Do the Grammys Matter?: Great Rock Debates
The Grammy Awards ceremony is one of the music industry's biggest annual events. But more and more each year, a large part of the discussion about the show involves mocking the choices made by those responsible for handing out the awards for the best albums, songs and artists. So, as the music world continues to fracture, and as social media allows absolutely everybody to share their opinions on the music they love and hate, the question has to be asked: Do the Grammys even matter anymore? We assigned two writers to take on each side of this great rock debate, and here's what they said. As always, we leave the final vote up to you.
The Grammys Don't Matter
by Michael Gallucci
The entertainment industry loves itself. It loves congratulating itself even more. That's why every year around this time, a bunch of famous rich people get together to hand out awards to a bunch of other famous rich people. They do it for movies. They do it for television shows. And they do it for music.
There are a ton of different awards shows happening during the first couple months of the year (a perfect way to goose up interest in what is typically a dead period for the entertainment industry, which is too busy counting holiday revenue to be bothered with releasing anything good), and the biggest ones still hold interest and a certain amount of prestige. But why?
The Oscars at least boast some semblance of respectability with their choices of movies nominated for top honors every year. There are the usual shuns and disappointments, sure, but they're nowhere near as head-slappingly wrong as the ones the Grammys make time after time. This is nothing new. The Recording Academy has gotten it wrong ever since it chose to ignore rock 'n' roll during its most formative period in the '50s, and continued to ignore it, even as everyone else -- fans, the media, fellow artists -- fell in love with groups like the Beatles (they're finally getting a Lifetime Achievement Award this year).
The Grammys eventually acknowledged the music, but even then it was too little, too late and too stubbornly asinine to merit any respect. From the New Vaudeville Band's 1930s novelty throwback 'Winchester Cathedral' snagging Best Rock & Roll Recording in 1967 to Jethro Tull's infamous win over Metallica in 1989 to countless Album of the Year and New Artist mess-ups over the years, the awards handed out each season reflect just how out of touch voters are.
So do the Grammys matter? No. They lost their cred years ago -- assuming they ever had any to begin with. The awards are basically a way for the music industry to congratulate itself on a job well-done each year, with a big televised show (in which every conceivable genre is shoehorned into blink-and-you-miss-'em performances) and some clunky-looking statues given away as parting gifts to a handful of artists deemed worthy enough.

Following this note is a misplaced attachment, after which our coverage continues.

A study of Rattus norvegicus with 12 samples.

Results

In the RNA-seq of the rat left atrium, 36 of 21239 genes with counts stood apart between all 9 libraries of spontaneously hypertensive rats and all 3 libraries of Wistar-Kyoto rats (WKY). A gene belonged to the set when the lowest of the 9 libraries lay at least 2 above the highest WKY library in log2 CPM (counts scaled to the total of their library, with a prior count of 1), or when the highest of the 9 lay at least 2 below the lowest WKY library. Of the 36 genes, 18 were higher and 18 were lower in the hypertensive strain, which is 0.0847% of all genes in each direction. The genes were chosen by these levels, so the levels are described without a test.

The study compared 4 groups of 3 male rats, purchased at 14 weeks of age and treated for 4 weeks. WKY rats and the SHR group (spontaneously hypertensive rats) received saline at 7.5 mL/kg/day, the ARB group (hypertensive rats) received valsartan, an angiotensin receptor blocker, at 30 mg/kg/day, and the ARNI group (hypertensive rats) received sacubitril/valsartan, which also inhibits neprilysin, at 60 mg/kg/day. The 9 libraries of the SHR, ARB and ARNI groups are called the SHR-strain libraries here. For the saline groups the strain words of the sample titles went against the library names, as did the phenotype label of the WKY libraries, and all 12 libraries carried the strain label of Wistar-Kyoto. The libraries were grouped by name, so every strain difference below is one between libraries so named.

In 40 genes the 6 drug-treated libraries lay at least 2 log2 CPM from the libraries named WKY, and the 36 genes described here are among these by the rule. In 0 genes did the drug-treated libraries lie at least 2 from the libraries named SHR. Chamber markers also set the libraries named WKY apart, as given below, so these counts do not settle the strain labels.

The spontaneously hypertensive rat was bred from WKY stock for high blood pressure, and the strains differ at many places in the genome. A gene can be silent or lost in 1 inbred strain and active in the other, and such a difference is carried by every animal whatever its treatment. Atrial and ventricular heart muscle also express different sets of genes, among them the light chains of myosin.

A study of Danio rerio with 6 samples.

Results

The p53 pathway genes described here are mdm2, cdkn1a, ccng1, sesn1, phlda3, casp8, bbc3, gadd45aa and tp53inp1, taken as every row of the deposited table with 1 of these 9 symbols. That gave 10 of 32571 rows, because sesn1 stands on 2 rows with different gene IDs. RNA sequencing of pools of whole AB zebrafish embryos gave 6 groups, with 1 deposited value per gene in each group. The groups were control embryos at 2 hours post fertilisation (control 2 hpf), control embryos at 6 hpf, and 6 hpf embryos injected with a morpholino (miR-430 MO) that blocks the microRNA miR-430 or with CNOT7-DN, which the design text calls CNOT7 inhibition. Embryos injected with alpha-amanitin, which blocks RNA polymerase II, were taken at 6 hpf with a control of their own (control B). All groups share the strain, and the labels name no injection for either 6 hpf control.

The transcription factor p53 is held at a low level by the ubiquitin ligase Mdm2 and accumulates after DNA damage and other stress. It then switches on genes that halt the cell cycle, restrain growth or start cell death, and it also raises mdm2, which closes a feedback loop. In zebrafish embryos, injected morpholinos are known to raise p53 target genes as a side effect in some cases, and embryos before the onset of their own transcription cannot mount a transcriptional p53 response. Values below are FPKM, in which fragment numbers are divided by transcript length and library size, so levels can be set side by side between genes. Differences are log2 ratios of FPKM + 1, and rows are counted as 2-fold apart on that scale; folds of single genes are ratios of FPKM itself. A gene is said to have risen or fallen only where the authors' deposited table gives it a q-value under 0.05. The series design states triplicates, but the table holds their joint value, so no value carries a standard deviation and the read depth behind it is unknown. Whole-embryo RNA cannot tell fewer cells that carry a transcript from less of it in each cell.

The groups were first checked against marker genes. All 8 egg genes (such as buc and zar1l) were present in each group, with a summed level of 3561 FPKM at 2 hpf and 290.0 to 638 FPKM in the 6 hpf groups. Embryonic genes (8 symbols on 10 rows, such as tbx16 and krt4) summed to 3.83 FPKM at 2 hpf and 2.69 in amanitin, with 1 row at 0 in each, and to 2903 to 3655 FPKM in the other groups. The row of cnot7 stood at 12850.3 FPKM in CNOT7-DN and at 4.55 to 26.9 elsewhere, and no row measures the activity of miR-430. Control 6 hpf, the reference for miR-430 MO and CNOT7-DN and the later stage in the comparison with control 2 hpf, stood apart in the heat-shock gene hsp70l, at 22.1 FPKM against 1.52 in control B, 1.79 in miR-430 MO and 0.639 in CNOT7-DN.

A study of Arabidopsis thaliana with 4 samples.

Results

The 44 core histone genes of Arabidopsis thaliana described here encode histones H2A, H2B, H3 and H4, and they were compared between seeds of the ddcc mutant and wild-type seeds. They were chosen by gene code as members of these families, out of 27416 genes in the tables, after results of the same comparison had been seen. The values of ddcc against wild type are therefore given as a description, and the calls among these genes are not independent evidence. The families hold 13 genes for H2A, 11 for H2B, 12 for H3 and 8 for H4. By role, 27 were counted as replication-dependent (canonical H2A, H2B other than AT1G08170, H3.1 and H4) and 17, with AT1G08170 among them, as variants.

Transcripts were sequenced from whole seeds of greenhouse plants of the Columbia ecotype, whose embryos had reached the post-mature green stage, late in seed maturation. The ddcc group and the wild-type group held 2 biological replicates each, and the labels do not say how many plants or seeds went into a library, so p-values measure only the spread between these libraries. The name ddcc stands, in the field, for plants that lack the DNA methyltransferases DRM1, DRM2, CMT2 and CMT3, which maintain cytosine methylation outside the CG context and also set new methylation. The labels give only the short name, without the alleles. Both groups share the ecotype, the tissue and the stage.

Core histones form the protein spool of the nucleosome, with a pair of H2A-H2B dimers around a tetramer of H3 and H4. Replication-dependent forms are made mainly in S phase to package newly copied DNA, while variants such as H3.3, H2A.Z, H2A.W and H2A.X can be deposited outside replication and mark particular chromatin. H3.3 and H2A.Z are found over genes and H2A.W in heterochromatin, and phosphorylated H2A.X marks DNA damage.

Does that mean Arcade Fire made a better album than Katy Perry in 2011? Maybe. But if so, that makes them more important to Grammy history than the Doors, Jimi Hendrix, Led Zeppelin and the Who, none of whom have ever won an award. That right there says everything you need to know about the Grammys.
The Grammys Do Matter
by Matthew Wilkening
Everything you say is true. Allowing a conservative-minded, seemingly monetarily-focused collective such as Grammy voters to judge the inherently rebellious art form of rock 'n' roll was a bad idea to begin with. And as popular music continues to get both more diverse and more specialized, with new sub-genres constantly forming to target smaller and smaller audiences, the Grammys' efforts to keep everyone under the same tent has only made them more bloated, outdated, tone deaf and schizophrenic over the years.
So it breaks my heart a bit to say that the Grammys clearly still do matter to most of your favorite rock stars -- or at least to their managers and record labels. For proof, all you need to do is look at the long line of established classic-rock artists lining up to be any part at all of this year's show.
Why on earth would Black Sabbath sign up to present an award at this ceremony? After all, the odds are that their 20 seconds of a presentation speech will be sandwiched between the performance of some pop band even Ozzy Osbourne's kids have never heard of and a commercial for some erectile-dysfunction pill? Because they're nominated for three awards, because winning even one of them is the last chance they have to dramatically improve sales of their deserving if not legacy-changing new album '13' and because even if they don't win, that precious slice of national airtime will get their name out there one more time.
You'd think, and maybe hope, that such things wouldn't matter to such clearly established stars, but obviously it does. Heck, Steven Tyler of Aerosmith isn't up for any awards but he'll be handing out a trophy at some point during the night, no doubt part of the same ongoing solo brand-awareness campaign that saw him host 'American Idol' and appear in fast-food commercials.
As much as we might wish for the day when our musical heroes shun this kind of overblown pageantry once and for all, without being in their shoes, it's hard (and dangerous) to judge them for wanting to be a part of the Grammys. Whether they're after what they perceive as the attention of their peers in their chosen field, or simply the chance to perform in front of a much larger part of the world than they typically have access to, it's clear the Grammys still matter to your favorite rock stars.